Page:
The three traditional triangle cevians are medians, altitudes, and angle bisectors. Of these three, only the altitude is usually considered in the geometric mean theorem. However, the median also has an associated, isolated geometric mean theorem (example 1). Since what is good for the goose is also good for the angle bisector, we thought it good to present a geometric mean theorem for this third triangle cevian.

Let be the side-lengths of , and let be the length of the bisector of , as shown below:

Then is the geometric mean of and if, and only if:

(1)

We’ll see the simplifications that result when equation (1) restricts to right triangles

(2)

and the simplifications that result when (1) is considered in the context of triangles satisfying

(3)

Let’s set the ball rolling with what a right triangle enjoys solely.

PROVE that a median is the geometric mean of the two segments into which it divides the opposite side if, and only if, the parent triangle is a right triangle.

Suppose that is a right triangle with . Then the median from vertex is half of the length of the hypotenuse: and so is the geometric mean of and . On the other hand, if a triangle has the property that one of its medians is the geometric mean of the two segments on the opposite side, for example, , we show that the triangle is a right triangle. Indeed:

So the triangle is a right triangle. Since all medians are internal, this property is unique to right triangles.

## Formula derivation

Our main result is example 4, for which we may need the next two examples.

In the diagram below, is the bisector of . PROVE that and .

We first have that . Also:

The sine rule applied to s and then gives:

Basically, . This is very useful in finding the coordinates of the foot of an angle bisector, which in turn is useful in finding the coordinates of the incenter of a triangle.

PROVE that , where is the length of the bisector of .

Let’s refer to the diagram in example 2 again:

and then apply Stewart’s theorem to to obtain

We now use the fact that and from example 2.

An alternative procedure is to use area arguments as well as the cosine formula and double angle identities for and . This way one avoids going through Stewart’s theorem and an explicit determination of and .

In the diagram below, PROVE that the length of the bisector of is the geometric mean of the segments and if, and only if, .

First suppose that is the geometric mean of and . Then .

Conversely, suppose that .

Notice how we obtain another equivalence: . Translate into words: we killed two birds with one stone.

For a quick example consider triangle with vertices at , , and , shown below:

The foot of the bisector of has coordinates . By the distance formula:

Also:

Thus, is the geometric mean of and .

## Fifteen degrees

We now restrict equation (1) to right triangles and to triangles satisfying equation (3) . It turns out that the interior angles are all multiples of .

If the bisector of in a right triangle satisfies equation (1), PROVE that the triangle is isosceles.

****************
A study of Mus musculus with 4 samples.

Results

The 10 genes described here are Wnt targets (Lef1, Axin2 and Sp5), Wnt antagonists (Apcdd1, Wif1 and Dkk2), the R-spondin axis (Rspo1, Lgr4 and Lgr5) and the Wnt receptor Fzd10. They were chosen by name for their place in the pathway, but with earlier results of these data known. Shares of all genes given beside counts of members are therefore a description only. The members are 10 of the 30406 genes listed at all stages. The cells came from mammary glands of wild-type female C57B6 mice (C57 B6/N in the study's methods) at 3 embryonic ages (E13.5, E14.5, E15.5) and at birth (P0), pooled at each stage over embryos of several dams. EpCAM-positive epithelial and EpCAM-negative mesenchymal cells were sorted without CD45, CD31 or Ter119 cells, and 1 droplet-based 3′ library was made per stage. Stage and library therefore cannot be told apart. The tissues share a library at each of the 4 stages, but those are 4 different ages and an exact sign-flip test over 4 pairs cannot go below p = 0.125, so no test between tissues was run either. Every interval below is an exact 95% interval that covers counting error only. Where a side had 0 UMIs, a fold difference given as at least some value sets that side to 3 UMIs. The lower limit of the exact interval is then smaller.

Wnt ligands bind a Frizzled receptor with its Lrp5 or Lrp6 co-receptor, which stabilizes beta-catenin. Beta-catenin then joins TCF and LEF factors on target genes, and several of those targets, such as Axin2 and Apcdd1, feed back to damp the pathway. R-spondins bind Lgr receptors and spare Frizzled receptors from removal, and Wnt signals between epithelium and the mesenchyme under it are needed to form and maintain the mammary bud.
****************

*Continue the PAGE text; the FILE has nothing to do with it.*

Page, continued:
Using the fact that and , we have:

The angles of the triangle will then be , , . All multiples of .

If the bisector of the apex in an isosceles triangle satisfies equation (1), PROVE that the triangle is a right triangle.

In this case . Together with equation (1), we have

Alternatively, the bisector is a median in this case, and so the conclusion follows from example 1 and example 4.

Suppose that satisfies equation (3). If the bisector of satisfies equation (1), PROVE that .

We have: . Isolate and simplify:

Suppose that satisfies equation (3). If the bisector of satisfies equation (1), PROVE that , , .

Since (see here), we have (by example 7 above):

Also, and yield and (or and ).

## Further developments

Here are two out of a few more consequences.

Let be the side-lengths of . If equations (1) and (3) are satisfied, PROVE that the circumradius is the geometric mean of and .

We have and . Eliminate to obtain .

If satisfies equations (1) and (3), PROVE that the squared lengths form a geometric progression. Here, is the length of the bisector of , is the length of the altitude from vertex , and is the circumradius.

In example 4 we had ; in example 9 above we had . Now let’s calculate :

We see that form a geometric progression with common ratio .

## Takeaway

In triangle , let be the foot of the bisector of . Then the two statements below are equivalent:

• is the geometric mean of and
• is the geometric mean of and .

Further, for any triangle whose side-lengths satisfy equation (1), the following two statements are equivalent:

• is a right triangle
• .

Finally, for any triangle whose side-lengths satisfy equation (1), the two statements below are equivalent:

1. Using with vertices at , , , verify that:
• its incenter is .
• the ratio of the coordinates of the incenter is golden; that is, it satisfies .
• the slope of the bisector of is , the negative of the golden ratio.
2. Let be the side-lengths of triangle .
• PROVE that the harmonic mean of and is .
• Deduce that the bisector of is the harmonic mean of the two segments on the opposite, if .
3. Suppose that the side-lengths of triangle satisfy equation (3), namely .
• PROVE that the length of the bisector of satisfies .
• Deduce that is the harmonic mean of and .
4. Suppose that satisfies the usual Pythagorean identity .
• If the bisector of satisfies equation (1) adapted as , PROVE that .
• Under the above, deduce that , .
5. In , let the side-lengths be , and let denote the circumradius, altitude from , and the length of the bisector of . If satisfies equation (3), PROVE that the squared lengths form a geometric progression with common ratio .
6. In , let denote the circumradius, altitude from , and the median from . If satisfies equations (1) and (3), PROVE that .
(Basically a right triangle can be formed with the median as the hypotenuse.)